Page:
Both ski machines and ellipticals provide low-impact aerobic exercise. Working out on either machine burns roughly the same amount of calories as running; with little or no shock to the joints. The machines differ in the motion of their strides. Ski machines emulate the act of cross-country skiing, wherein the feet slide back and forth along the ground. Ellipticals mimic walking or running, where the feet travel in an oblong circle.
Ski machines consist of footpads that slide on rails and an apparatus that mimics the act of using ski poles. This can be as simple as a cord with handles at each end, attached to a flywheel. Elliptical footpads attach to rails that rotate in an oval-shaped stride. This allows you to change the workout by alternately pedaling forwards and backwards. Ellipticals also include handles that enable the arms to share some of the work.
Ski machines come in either independent or dependent leg motion. Dependent designs mean that the skis are attached, such that as you draw one foot forward, the other goes back automatically. Independent ski machines require you to exert forward pressure with one leg and backward pressure with the other to move the skis. Ellipticals generally use a dependent motion for the lower body. Some models use independently moving handles to demand more work from the arms. The All Ellipticals website states that certain designs allow you to alter the shape of the oval, changing which muscle group gets most of the burden.
Harvard Health reports that ski machines used by a 155-lb. person can burn up to 353 calories after a half an hour of working out. Compare this to about 335 in the case of elliptical machines. If you weigh more, you’ll burn more calories. Whether you use an elliptical or a ski machine, the best calorie burner is the machine that requires the user to synchronize the motion of each arm and leg on her own.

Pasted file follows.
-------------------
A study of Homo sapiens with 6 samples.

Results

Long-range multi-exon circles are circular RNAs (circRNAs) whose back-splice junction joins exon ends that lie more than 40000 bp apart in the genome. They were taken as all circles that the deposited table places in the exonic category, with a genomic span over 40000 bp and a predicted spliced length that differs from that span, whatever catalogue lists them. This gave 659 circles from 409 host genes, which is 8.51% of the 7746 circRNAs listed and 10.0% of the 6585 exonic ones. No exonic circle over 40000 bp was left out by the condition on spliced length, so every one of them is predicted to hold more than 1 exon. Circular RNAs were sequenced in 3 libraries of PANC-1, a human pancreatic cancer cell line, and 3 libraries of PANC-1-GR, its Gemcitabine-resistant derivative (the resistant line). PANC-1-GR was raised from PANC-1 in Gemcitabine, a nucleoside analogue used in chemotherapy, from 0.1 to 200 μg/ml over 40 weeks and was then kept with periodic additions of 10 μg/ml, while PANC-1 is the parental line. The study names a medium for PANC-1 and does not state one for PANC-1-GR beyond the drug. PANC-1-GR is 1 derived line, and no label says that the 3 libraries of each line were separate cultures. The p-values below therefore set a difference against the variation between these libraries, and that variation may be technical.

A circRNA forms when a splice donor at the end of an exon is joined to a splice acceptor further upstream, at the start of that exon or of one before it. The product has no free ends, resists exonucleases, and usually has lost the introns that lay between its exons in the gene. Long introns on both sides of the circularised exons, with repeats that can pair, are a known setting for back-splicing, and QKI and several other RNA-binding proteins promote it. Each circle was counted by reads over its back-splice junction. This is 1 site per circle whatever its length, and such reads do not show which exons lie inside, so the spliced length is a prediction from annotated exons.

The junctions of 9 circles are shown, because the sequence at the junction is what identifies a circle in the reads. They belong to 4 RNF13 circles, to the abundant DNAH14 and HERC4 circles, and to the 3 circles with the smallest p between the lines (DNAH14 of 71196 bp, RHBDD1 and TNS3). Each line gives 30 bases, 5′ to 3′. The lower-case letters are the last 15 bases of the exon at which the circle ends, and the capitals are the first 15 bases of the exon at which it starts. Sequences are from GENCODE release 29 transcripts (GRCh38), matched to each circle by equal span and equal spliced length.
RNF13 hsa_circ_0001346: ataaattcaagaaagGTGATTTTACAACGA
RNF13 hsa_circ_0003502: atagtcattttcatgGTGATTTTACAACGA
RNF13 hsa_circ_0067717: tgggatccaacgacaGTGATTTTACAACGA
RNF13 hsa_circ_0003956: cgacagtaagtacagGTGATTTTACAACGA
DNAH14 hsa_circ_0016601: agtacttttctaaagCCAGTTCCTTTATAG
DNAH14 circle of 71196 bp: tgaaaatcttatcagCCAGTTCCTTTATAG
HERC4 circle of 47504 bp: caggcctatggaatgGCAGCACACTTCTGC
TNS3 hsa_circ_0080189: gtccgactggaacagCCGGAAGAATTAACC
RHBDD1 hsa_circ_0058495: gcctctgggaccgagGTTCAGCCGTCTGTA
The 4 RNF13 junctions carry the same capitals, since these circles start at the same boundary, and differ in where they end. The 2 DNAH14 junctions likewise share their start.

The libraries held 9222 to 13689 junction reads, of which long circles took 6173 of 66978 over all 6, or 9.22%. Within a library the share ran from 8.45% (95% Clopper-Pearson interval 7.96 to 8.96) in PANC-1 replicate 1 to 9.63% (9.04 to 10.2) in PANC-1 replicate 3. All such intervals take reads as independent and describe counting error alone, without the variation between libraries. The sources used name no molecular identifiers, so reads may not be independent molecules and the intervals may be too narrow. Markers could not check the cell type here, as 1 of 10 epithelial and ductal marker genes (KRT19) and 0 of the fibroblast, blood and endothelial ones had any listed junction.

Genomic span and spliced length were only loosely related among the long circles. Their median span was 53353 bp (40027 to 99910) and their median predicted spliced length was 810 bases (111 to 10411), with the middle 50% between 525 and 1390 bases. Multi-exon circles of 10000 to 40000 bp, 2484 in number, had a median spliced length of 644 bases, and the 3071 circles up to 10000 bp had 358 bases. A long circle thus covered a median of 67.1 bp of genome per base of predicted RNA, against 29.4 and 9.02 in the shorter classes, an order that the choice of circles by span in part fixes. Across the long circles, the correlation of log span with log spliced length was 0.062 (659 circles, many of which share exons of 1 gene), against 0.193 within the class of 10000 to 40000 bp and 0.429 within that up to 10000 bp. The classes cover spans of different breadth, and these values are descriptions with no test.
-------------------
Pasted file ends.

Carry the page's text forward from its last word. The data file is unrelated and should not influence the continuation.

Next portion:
When using either machine, keep your back straight, your head up and your shoulders back. To work your legs and trunk more intensely on an elliptical trainer, All Ellipticals suggests dropping your hands. This forces your core and lower body to take over keeping you balanced. When working out on a ski machine, find a smooth back-and-forth rhythm with your feet before coordinating the motion with your hands.
As both ski machines and ellipticals are intended to provide aerobic workouts, they’re most effective when you keep your heart rate in the aerobic range for your body. Most ellipticals come with a heart-rate monitoring system. Often the ski machines that demand the most coordination from the user, and thus the best workouts, are not computerized. In these cases, a heart-monitoring watch can help you stay in the range that will give you the most out of your time on the machine. But unless you already own a ski machine, you might find a hard time finding a gym who hasn't supplanted them for the elliptical.
- Harvard Health Publications: Calories Burned in 30 Minutes for People of Three Different Weights
- All Ellipticals: How to Use Elliptical Trainers
- Women's Home Workout Bible; Brad Schoenfeld
- Tsai LC, Lee SJ, Yang AJ, Ren Y, Press JM, Zhang LQ. Effects of Off-Axis Elliptical Training on Reducing Pain and Improving Knee Function in Individuals With Patellofemoral Pain. Clin J Sport Med. 2015;25(6):487–493. doi:10.1097/JSM.0000000000000164
- Schleppenbach LN, Ezer AB, Gronemus SA, Widenski KR, Braun SI, Janot JM. Speed- and Circuit-Based High-Intensity Interval Training on Recovery Oxygen Consumption. Int J Exerc Sci. 2017;10(7):942-953.